Penns in the Rocks, East Sussex: a garden of views

It has been suggested that the dramatic Tunbridge Wells sandstone rocks which give the place its name may have been the site of a Mesolithic huntsman’s dwelling thousands of years ago. House and garden are younger: the house’s elegant facades confirming its 18th century origin when it was the family home of the famous Quaker William Penn of Pennslvania; the garden dates primarily from 1956 when it was purchased by Hugh Gibson’s parents, Lord and Lady Gibson. Two generations of the family have created a delightful combination of the large walled garden with its herbaceous borders, roses and shrubs, and more informally planted woodland which is at its best in spring and early summer.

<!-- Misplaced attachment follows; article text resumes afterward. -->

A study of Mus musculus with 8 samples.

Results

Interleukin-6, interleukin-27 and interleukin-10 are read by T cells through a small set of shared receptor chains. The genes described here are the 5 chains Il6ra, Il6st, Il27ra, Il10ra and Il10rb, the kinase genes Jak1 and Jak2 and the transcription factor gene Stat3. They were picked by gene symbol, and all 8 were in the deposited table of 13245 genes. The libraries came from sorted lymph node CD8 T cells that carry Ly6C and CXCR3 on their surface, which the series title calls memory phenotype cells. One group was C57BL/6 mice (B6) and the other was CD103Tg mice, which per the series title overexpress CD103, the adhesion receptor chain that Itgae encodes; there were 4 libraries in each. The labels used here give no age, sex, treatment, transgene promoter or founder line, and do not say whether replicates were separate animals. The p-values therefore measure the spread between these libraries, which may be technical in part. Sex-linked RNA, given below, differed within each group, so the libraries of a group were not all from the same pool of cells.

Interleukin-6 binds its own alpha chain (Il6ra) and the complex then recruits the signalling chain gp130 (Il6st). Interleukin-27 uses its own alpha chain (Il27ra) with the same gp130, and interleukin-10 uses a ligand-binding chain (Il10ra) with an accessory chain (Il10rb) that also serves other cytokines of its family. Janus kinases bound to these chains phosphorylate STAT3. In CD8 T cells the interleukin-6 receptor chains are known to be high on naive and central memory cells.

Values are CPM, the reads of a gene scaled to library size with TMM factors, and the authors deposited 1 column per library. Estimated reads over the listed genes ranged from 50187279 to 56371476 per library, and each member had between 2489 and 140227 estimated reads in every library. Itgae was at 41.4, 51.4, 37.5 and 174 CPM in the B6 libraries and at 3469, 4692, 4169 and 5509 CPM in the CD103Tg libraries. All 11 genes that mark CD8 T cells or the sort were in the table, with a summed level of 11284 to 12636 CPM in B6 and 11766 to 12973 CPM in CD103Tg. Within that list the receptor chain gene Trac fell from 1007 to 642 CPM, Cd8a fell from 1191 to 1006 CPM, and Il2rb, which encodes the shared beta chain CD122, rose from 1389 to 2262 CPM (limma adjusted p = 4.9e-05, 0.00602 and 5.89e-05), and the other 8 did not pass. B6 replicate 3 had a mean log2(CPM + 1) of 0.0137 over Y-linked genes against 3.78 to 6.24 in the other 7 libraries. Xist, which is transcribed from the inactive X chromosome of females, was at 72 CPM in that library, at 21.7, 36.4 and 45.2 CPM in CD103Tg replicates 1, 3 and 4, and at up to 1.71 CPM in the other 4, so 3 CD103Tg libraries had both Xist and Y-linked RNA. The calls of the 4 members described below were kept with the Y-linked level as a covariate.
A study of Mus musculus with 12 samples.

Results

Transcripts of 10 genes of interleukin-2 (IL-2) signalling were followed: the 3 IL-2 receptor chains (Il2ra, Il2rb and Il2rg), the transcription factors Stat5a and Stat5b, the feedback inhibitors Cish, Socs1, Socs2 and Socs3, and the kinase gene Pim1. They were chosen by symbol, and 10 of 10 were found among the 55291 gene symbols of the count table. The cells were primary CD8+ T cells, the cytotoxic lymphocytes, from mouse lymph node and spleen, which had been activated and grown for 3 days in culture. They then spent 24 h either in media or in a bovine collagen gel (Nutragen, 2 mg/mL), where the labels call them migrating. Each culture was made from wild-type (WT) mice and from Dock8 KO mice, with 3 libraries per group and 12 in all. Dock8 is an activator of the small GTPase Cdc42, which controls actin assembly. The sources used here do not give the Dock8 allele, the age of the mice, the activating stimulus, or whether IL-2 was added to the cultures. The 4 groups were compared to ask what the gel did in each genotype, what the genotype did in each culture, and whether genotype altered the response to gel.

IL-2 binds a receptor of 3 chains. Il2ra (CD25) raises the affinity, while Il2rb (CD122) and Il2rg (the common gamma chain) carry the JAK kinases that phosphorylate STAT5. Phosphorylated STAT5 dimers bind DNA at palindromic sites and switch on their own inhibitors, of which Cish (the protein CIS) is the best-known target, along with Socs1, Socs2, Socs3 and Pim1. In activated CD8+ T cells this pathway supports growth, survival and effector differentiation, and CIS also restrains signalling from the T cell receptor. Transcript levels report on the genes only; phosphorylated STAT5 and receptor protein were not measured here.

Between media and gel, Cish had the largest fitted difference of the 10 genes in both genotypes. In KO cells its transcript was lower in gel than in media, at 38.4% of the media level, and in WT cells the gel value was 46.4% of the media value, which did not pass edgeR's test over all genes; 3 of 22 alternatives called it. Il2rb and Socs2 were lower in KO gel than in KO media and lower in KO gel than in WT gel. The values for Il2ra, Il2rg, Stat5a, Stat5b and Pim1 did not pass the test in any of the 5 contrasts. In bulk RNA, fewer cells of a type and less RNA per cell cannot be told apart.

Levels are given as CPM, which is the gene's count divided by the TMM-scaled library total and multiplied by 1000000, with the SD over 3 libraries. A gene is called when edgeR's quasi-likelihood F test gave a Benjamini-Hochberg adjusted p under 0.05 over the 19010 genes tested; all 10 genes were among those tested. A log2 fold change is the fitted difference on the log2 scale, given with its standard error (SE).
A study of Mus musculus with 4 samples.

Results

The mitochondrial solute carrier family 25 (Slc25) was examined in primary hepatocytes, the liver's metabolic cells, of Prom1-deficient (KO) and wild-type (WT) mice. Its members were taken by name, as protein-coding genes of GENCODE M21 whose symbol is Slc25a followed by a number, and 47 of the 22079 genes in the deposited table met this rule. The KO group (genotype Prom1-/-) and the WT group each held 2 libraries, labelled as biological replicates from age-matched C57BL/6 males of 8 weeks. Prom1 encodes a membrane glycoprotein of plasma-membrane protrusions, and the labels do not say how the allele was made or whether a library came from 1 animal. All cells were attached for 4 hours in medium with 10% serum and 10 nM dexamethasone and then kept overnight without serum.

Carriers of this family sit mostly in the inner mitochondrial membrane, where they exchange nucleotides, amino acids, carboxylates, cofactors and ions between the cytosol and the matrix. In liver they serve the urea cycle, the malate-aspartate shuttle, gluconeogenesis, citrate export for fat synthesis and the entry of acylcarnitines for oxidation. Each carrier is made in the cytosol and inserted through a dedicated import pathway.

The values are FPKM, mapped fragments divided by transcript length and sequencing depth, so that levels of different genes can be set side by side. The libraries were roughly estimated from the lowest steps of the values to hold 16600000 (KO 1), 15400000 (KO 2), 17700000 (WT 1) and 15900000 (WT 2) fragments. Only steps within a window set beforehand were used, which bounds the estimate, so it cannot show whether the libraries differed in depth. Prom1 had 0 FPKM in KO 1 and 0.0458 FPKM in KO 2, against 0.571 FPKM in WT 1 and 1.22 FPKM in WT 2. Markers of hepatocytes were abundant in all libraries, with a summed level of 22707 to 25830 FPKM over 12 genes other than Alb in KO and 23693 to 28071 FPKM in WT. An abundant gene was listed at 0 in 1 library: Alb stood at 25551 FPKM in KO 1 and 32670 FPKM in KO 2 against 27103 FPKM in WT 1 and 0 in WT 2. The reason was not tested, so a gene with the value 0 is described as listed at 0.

Join Hugh and his grandchildren, who live on the estate, for a visit to this unusual garden of views.

A closer look

The poet Dorothy Wellesley lived here during the 1920s and the 18th century Temple of Friendship recalls her occupation. Lord and Lady Gibson were helped by their friend the distinguished post-war designer Lanning Roper, whose advice brought some of the plant combinations in the borders and the ornamental varieties in the woodland. At this time of year an avenue of crab apples us underplanted with tulips and in the woodland sweeps of daffodils are followed by bluebells and the native trees are decorated with the rich colours of azaleas, magnolias and other ornamental trees and shrubs.

This is a garden of views, whether from the house to the south where the slope rises up to the Temple of Friendship, or to the west towards the lake made in the 1960s on the far side of which an Ionic temple is positioned to perfection.


To find out more about Penns in the Rocks, click here.